Salt and Weight Loss – What’s The Connection?

Many trainers and nutritionists recommend that you cut the salt to cut the fat, but is there really a connection? Do salt and weight loss go together?

Let’s find out…

The Surprising Truth About Salt And Weight Loss…

Do we have a problem consuming too much salt? Answer: Yes.

The powers to be in the government recommend that we consume no more than 2,400 mg of sodium per day (approximately 1 teaspoon). We, as Americans, consume 3400-3700 mg per day.

The government, however, is likely very wrong in their recommendations (no surprise)…

If we could hop in a time machine and ask “Dr. Caveman”, “How much sodium should we consume?”, his answer would likely be, “Unga bunga bunga”; translation…”About 600 mg per day (0.6 grams).

Here’s why this is so important…

During our evolution, sodium was scarce and potassium was abundant. In fact, the average “caveperson” (to be politically correct) consumed up to 15,000 mg of potassium and 600 mg of sodium.

To adapt to such an environment of sodium deficiency and potassium excess, our kidneys became very efficient at removing potassium from the blood and very inefficient at removing excess sodium.

Fast forward to modern day, we consume less than 2,800 mg of potassium and over 3,500 mg of sodium…and you better believe that this does cause problems, especially because our body retains sodium and excretes potassium!

So What? The Importance Of Healthy Sodium and Potassium Levels

Sodium and potassium are extremely important for the heart, brain, kidneys, and practically every other cell in the body. When we have too much sodium and too little potassium in the blood we suffer many consequences, including:

  1. Fatigue
  2. Heart arrhythmia
  3. Heart failure
  4. High blood pressure
  5. Muscle weakness
  6. Constipation
  7. Delayed emptying of the stomach

But…What About Weight Gain?

Now back to the question at hand, “Does excess sodium and insufficient potassium result in weight gain and fat storage?”

The answer is “Yes” to weight gain and “Maybe” to fat storage…

Sodium retention does cause weight gain by causing the body to retain water, no one will dispute this truth…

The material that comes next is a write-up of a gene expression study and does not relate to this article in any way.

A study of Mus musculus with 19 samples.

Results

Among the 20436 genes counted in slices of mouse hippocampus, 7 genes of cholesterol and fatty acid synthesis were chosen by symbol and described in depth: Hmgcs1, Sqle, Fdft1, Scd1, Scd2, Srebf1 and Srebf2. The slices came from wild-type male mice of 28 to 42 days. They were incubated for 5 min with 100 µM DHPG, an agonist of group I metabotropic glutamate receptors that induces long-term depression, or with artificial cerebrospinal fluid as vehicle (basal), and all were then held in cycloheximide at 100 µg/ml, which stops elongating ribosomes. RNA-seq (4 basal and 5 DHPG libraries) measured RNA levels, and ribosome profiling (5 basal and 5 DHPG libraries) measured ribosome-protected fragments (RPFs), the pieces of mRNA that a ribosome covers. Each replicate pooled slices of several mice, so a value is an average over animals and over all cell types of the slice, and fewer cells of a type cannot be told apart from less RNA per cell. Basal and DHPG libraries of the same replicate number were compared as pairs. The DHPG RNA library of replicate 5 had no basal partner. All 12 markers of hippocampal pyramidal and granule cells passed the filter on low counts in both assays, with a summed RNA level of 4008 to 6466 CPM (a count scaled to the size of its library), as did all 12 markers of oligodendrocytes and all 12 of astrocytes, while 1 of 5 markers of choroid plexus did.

As to fat storage, the only evidence that I can find that speaks to this question is population research that shows that people who consume more sodium also have a higher likelihood of weighing more (higher BMI). In other words, if we took 100 overweight folks and compared their sodium intake to 100 lean folks, the overweight folks would likely consume more sodium on a daily basis. Not exactly compelling data…

We simply can’t know if sodium excess causes fat storage or is simply an artifact of eating more processed food. My guess is that the sodium to BMI link is just an artifact of the reality that many overweight and obese folks have unhealthy diets rather than sodium causing fat storage. It’s also worth noting that a lot of “diet food” is precooked, and typically, high-sodium.

So, for now, sodium is released from custody due to insufficient evidence on the charge of making people fat.

That Doesn’t Mean That We Should Ignore Salt

Look at the list of negative effects from consuming too much sodium and too little potassium (above)…

Do you think that fatigue and muscle weakness could throw a monkey-wrench in your plans to be active and fit? Would a heart arrhythmia be a problem for you if you decide to run a marathon?

Of course; the reality is, to be healthy, we should cut sodium and simultaneously increase potassium intake. That’s the way nature wanted it!

Tips On How To Balance Our Sodium to Potassium Intake

  1. Don’t worry about the salt shaker. Only 11% of our sodium intake comes from the salt-shaker and salt added during home cooking.
  2. Don’t worry about sodium in natural foods…only another 12% of our sodium comes from the sodium that occurs naturally in food.
  3. Definitely worry about prepackaged and restaurant food! 77% of sodium that we consume comes from prepackaged food and restaurant eating. That’s where we find our greatest impact on the sodium-potassium ratio.
  4. Focus on eating high-potassium foods, rather than avoiding high-sodium foods. Fruits, vegetables, nuts, fish, legumes are all good sources of potassium…no surprise that these are all real, natural foods.
  5. We want to aim for 6,000 to 8,000 mg of potassium from food and supplements. NOTE: If you take certain drugs for high blood pressure, you may be at risk of low potassium or high potassium depending on the drug. Always check with your doctor or pharmacist before adding extra potassium or even consuming extra potassium.

So, as you can see the story of salt and weight loss is not quite as black and white as many weight loss experts would have you believe.

About the Author Dr. Ray Hinish

Dr. Ray Hinish is a nutritional pharmacist, certified personal trainer, & certified Lifestyle & Weight Management Coach. He currently practices in Baltimore, MD, where he owns and operates a wellness center and natural foods restaurant. His mission is to help folks to live their health potential so that they can pursue their passions with confidence and endless supplies of energy!